I’m sure like many a soul who is fortunate enough to happen upon the quite exceptional new documentary by seasoned director Raoul Peck ‘I Am Not Your Negro’ (2016) won’t be aware of the voice, words and actions of it’s subject, the equally eminent ringmaster of storytelling (in this case via words) James Baldwin.
Thankfully for us, Baldwin never restricted himself to a single medium of communication, instead utilising the connective empathetic and reportage powers of poetry, essays, books, plays, activism and social commentary, and with a prodigious lexicon that could shame humanity (and regularly did given what he rightfully had to say), Baldwin was one of the greatest American writers of his time.
Like all great artists he was able to quantify, appraise and take stock of his life experiences, observations, sufferings, jubilations and repurpose them into words that connected with the entire world. Being that he was a gay black man living in a highly segregated 60s America he certainly had far more than his fair share of disquiet, aggression and oppression directly aimed at him in his lifetime (he died in 1987), certainly a thousandfold more than any human being should ever have.
Such experiences lead him to leave the USA at the age of 24 and move to Paris to hone his writing prowess and certainly to be recognised for his pronounced abilities rather than just being a ‘negro writer’. With an ever burgeoning civil and racial rights activism escalating, he returned to the States in 1957 just in time for a startlingly brutal and vicious period in that movement and American history, namely in the assassinations of Malcom X, Martin Luther King Jr. and Medgar Evers whom he had known all personnally.
This bleak zeitgeist is starkly made evident in a very shrewd opening placement of a TV interview Baldwin had on ‘The Dick Cavett Show’ where he deftly and succinctly presents the true face and every day/minute reality of what it is to be a black person living in America. What he is saying is polite but candidly horrifying, but even that horror is pipped at the post by the indifference of the white TV show host. There’s supportive applause for Baldwin’s speech from the audience, but the established mainstream media (just like today) present naivety, effectively pro actively supporting and maintaining the status quo, the oppression.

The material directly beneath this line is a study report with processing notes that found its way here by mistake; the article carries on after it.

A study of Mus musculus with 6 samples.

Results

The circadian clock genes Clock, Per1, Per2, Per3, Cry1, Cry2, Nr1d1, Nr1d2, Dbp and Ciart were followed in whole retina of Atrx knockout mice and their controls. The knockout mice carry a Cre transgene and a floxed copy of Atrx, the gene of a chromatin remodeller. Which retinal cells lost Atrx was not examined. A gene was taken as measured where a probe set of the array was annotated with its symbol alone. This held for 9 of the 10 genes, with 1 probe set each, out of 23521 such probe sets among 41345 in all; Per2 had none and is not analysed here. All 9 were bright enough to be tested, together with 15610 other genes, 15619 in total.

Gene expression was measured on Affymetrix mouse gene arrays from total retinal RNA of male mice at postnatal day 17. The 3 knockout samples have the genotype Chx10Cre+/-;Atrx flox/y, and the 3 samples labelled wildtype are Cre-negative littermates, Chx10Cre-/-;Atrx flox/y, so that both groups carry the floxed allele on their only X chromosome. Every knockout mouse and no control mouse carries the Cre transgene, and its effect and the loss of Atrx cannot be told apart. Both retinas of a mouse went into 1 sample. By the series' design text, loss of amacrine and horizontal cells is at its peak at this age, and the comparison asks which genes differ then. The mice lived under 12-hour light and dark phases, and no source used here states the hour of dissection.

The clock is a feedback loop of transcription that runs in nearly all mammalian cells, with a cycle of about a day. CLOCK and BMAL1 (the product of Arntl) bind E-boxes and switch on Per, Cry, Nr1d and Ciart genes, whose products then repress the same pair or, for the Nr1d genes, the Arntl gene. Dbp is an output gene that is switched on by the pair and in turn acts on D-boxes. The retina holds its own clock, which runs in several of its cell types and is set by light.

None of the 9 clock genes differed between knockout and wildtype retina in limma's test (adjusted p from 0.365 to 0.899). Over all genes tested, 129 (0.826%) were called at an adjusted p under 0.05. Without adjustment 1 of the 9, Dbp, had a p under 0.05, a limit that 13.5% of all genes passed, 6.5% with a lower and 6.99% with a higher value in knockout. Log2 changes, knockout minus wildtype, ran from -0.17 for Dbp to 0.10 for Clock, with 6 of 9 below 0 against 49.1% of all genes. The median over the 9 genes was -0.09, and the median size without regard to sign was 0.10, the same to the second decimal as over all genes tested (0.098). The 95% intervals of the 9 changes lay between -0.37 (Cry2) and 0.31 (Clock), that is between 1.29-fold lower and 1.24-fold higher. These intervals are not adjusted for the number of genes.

It aptly sets the tone for the film in that Peck has woven together some truly stunning rare archive footage, photography, interviews and sieved them through the notes and writings that Baldwin had been preparing for a planned book (Remember This House).
Dark of subject, but fundamentally important it was to cover the common connective humanity inherent in the leading activists that he had known before their murders. They were very different individuals in many ways, especially in how they felt solutions should be sought, but there was benevolent commanality too.
I wasn’t overtly aware of Baldwin’s works prior to this documentary, but there is zero doubt of the power of his words, marinaded in integrity and with a beautifully written cadence that is patient, understanding, intelligent and necessarily forthright, the message is far too important to sheepishly presented via subtle pleasantries. These words are brought to a whole new level through the voice over supplied by Samuel L. Jackson. Not generally known for his subtlety in performances (to his credit and our joy), this is a whole other being. The power and depth of his voice still has the resonance, but it’s calm, potent and possibly one of his finest performances ever. The introductory TV interview slips from that of Baldwin to Jackson in an imperceptible slight of voice, for pretty much the entire movie I actually thought it was Baldwin.
Stripped of the window dressing and white picket fences of segregation, the story is brutal, and rightly so. Years have passed since these moments, but it’s clearly shown that very little, if anything has changed at all. Peck shows how black culture was routinely suppressed throughout American culture indoctrinating the vast majority into that way of thinking. Despite having seen some of the images before, there is a stunning sequence that shows the advertising and Hollywood films that infested society on all levels, degrading black people at every juncture, effectively working like a psyops campaign.
There is the possibility that some folk may read of the subject matter and say ‘that’s not for me’, but it must be made clear that choice actually supports any and all oppression. The oppressors wholly rely on ordinary folk not saying anything, or ‘that’s just the way it is’, that is true to an extent because that’s they way you are allowing it to be. There’s a mesmerising moment in the film where a young black girl is walking alone towards a segregated school she wants to attend, and despite being completely surrounded by braying aggressive white kids who look like they fell straight out of a Norman Rockwell painting, or a 60s Coca-Cola ad, she towers elegantly and beautifully above the filth.
With courageous poise and focus, this young girl is changing history with every step. She must have been terrified, as it is a terrifying sight, but she knew what is right and categorically what was wrong.
10/10 ‘I Am Not Your Negro’ is out now.